Fabulous post, Jesse2233, and very interesting news! Thanks so much for being such a great "journalist" for the forum. Glad Dr Chia was able to confirm that oxymatrine may help your recovery, and was able to put your mind at rest regarding your heart symptoms.
Sees disproportionate amount of white and especially Jewish people with chronic enteroviruses, fewer Asians.
Intriguing! Perhaps we need to start looking at Ashkenazi genetic SNP polymorphisms, and figure out why this might be.
Equilibrant tends to help 50% (out of the 1,000 he's given it to), 30% are major responders (like night / day, bedridden to back to work in 3-6 months). 66% effectiveness against coxsackie B. Better in younger patients (considered 30 young), better for men, people early into the illness, and African Americans / Hispanics.
I can certainly accept that oxymatrine will help 50% of enterovirus-associated ME/CFS patients overall, but I have always found it strange that as far as I am aware, we have never had anyone on this forum who had this bedridden to back-to-work major response from oxymatrine. If 30% of Dr Chia's enterovirus ME/CFS patients are achieving this, you'd think we would have had quite a few on this forum with similar responses, but I have not seen even one. So that is something of a mystery.
Nancy Klimas has given Equilibrant to 300 patients with similar success percentages.
I did not know that. Very interesting.
Mold and other Th2 triggers can lessen the effect of the Oxymatrine
That's a hypothesis that I was exploring a while ago in this thread
. My general thoughts were that exposure to any factors that promote Th2 might both act to prevent viral clearance, as well as thwart any Th1 boosters such as oxymatrine or inosine.
Take Equilibrant for at least 1 year even if it's working to prevent relapse
quotes Dr Chia saying that for men, once they get better on oxymatrine, they can discontinue this medication after 6 months. But women usually have to continue taking it (presumably indefinitely), because when they stop, they usually relapse within the next month.
IV matrine is even more effective but he can't give it here (didn't explain why). Studies in China (written in Chinese) show 2 months IV matrine has 97% effectiveness for chronic coxsackie B myocarditis vs 0% in placebo
Fascinating! I did come across some Chinese injectable oxymatrine (rather than matrine) products for sale online a few years ago. I am going to search the Chinese market again to try to find some matrine injectables for sale.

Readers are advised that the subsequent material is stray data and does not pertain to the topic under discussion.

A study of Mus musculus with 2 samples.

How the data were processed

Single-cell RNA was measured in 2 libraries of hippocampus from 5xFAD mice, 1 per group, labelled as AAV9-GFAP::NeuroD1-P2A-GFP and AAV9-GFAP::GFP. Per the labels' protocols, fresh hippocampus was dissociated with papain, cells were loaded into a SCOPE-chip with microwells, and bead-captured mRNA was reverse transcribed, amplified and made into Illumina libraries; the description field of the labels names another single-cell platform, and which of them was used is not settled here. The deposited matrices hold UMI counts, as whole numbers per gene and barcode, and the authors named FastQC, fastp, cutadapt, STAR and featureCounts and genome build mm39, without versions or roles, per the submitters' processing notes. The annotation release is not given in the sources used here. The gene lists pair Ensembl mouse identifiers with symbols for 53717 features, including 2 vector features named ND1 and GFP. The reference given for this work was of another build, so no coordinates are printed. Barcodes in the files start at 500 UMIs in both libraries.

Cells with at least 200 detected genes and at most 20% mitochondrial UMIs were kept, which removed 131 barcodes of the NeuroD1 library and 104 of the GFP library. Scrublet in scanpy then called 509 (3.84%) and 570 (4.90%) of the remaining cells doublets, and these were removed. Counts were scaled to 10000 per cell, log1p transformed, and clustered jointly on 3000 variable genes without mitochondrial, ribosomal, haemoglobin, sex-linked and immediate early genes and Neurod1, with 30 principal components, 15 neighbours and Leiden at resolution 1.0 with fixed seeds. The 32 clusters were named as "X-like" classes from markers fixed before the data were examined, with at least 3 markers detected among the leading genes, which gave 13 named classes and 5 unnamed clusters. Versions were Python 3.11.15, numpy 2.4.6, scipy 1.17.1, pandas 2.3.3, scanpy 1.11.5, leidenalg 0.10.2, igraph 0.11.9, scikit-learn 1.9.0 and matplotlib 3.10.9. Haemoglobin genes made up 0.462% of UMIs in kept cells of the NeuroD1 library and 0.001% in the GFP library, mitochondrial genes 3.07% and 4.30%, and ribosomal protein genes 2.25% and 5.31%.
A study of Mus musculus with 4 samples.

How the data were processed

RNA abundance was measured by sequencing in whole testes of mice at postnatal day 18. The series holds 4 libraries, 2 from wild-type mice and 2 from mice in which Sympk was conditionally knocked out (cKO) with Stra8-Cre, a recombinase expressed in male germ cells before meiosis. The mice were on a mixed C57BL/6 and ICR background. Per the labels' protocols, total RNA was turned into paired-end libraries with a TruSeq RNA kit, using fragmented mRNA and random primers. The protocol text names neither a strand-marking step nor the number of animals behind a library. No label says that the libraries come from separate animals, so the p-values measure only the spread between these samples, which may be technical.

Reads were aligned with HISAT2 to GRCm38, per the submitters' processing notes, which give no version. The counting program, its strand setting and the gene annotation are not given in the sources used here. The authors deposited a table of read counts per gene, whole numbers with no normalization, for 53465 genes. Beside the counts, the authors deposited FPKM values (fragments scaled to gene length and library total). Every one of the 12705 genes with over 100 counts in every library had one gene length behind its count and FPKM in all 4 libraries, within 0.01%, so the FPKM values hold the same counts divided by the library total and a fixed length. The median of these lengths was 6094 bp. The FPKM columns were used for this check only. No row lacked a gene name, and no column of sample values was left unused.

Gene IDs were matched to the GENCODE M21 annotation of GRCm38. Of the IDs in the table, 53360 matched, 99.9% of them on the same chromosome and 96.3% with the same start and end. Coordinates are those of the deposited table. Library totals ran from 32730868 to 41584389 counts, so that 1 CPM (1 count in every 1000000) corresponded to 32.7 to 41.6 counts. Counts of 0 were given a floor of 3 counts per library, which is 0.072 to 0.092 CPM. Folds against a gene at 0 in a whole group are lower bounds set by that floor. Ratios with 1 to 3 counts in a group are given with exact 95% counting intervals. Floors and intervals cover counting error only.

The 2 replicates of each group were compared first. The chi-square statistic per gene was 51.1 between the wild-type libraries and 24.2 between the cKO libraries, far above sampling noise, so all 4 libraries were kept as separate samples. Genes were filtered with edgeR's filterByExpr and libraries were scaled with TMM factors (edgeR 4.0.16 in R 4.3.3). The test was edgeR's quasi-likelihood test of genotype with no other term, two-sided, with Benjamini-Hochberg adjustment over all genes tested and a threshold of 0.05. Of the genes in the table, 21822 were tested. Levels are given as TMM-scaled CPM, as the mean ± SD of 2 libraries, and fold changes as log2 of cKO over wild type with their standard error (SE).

Yes a cure. There are two new extremely potent CBV4 antivirals coming out, one from Belgium. Said the name was a long number.
the researchers said it should work in chronic viral infections because it blocks replication of the RNA.
Wow! And double wow! I'd love to know what those two new drugs are. If you look at the very bottom of my enterovirus antivirals post
, you will see a list of enterovirus antiviral drugs still in the research and development pipeline (with code names like BTA-798, TTP 8307, etc); the two new CVB4 drugs might be in that list. Maybe when you get a chance to listen to your recording of your appointment, you will be able to get the name.
Ampligen is a bad drug. The studies were bad. Maybe helps 10% of people
LDN is ok. Can help with sleep and pain, helps 10-20%. Should be safe to take alongside Equilibrant.
IVIG helps 20-25% of people.
Interesting that Dr Chia finds IVIG can help a reasonable percentage of patients. He did say in the 2009 Invest in ME Conference video that the problem with IVIG is mainly that insurance companies will not pay for it.
Rituximab is interesting. He's in contact with Fluge and thinks well of him. Thinks it helps those with an autoimmune condition but not CFS with he attributes to a smoldering virus.
Said 40% of the people in the 30 person trial had a relative with an autoimmune condition vs 5% normally.
He thinks their positive results are also because of the Norwegian population's homogeneity and high incidence of autoimmune issues.
Very interesting. @Jonathan Edwards
might want to comment.
If the cohort in the 30 person Fluge and Mella phase II rituximab trial contained an inordinate number of Norwegian people that are prone to autoimmunity, that would help explain the high success rate, but it might also entail that rituximab might not work as well for other ME/CFS patient cohorts in different countries.
That might explain why on these forums, the response rate of those who posted their rituximab results has not been very good. Out of the 14 people on this forum who I saw posted their results, only 1 person had a very good response, another 1 or 2 had moderate to mild responses, and the rest did not respond at all to rituximab.
That said, the Kolibri Medical hospital in Norway are getting a good success rate from rituximab (they report
⅓ cured, ⅓ improved, ⅓ no response), but again they may be treating mostly Norwegian ME/CFS patients.
in this post
said that Dr Kaufman of the Open Medicine Institute in the US told him the OMI's rituximab success rate for ME/CFS was similar to the Fluge and Mella phase II rituximab trial's. So that is some indication that rituximab does work for non-Norwegian cohorts.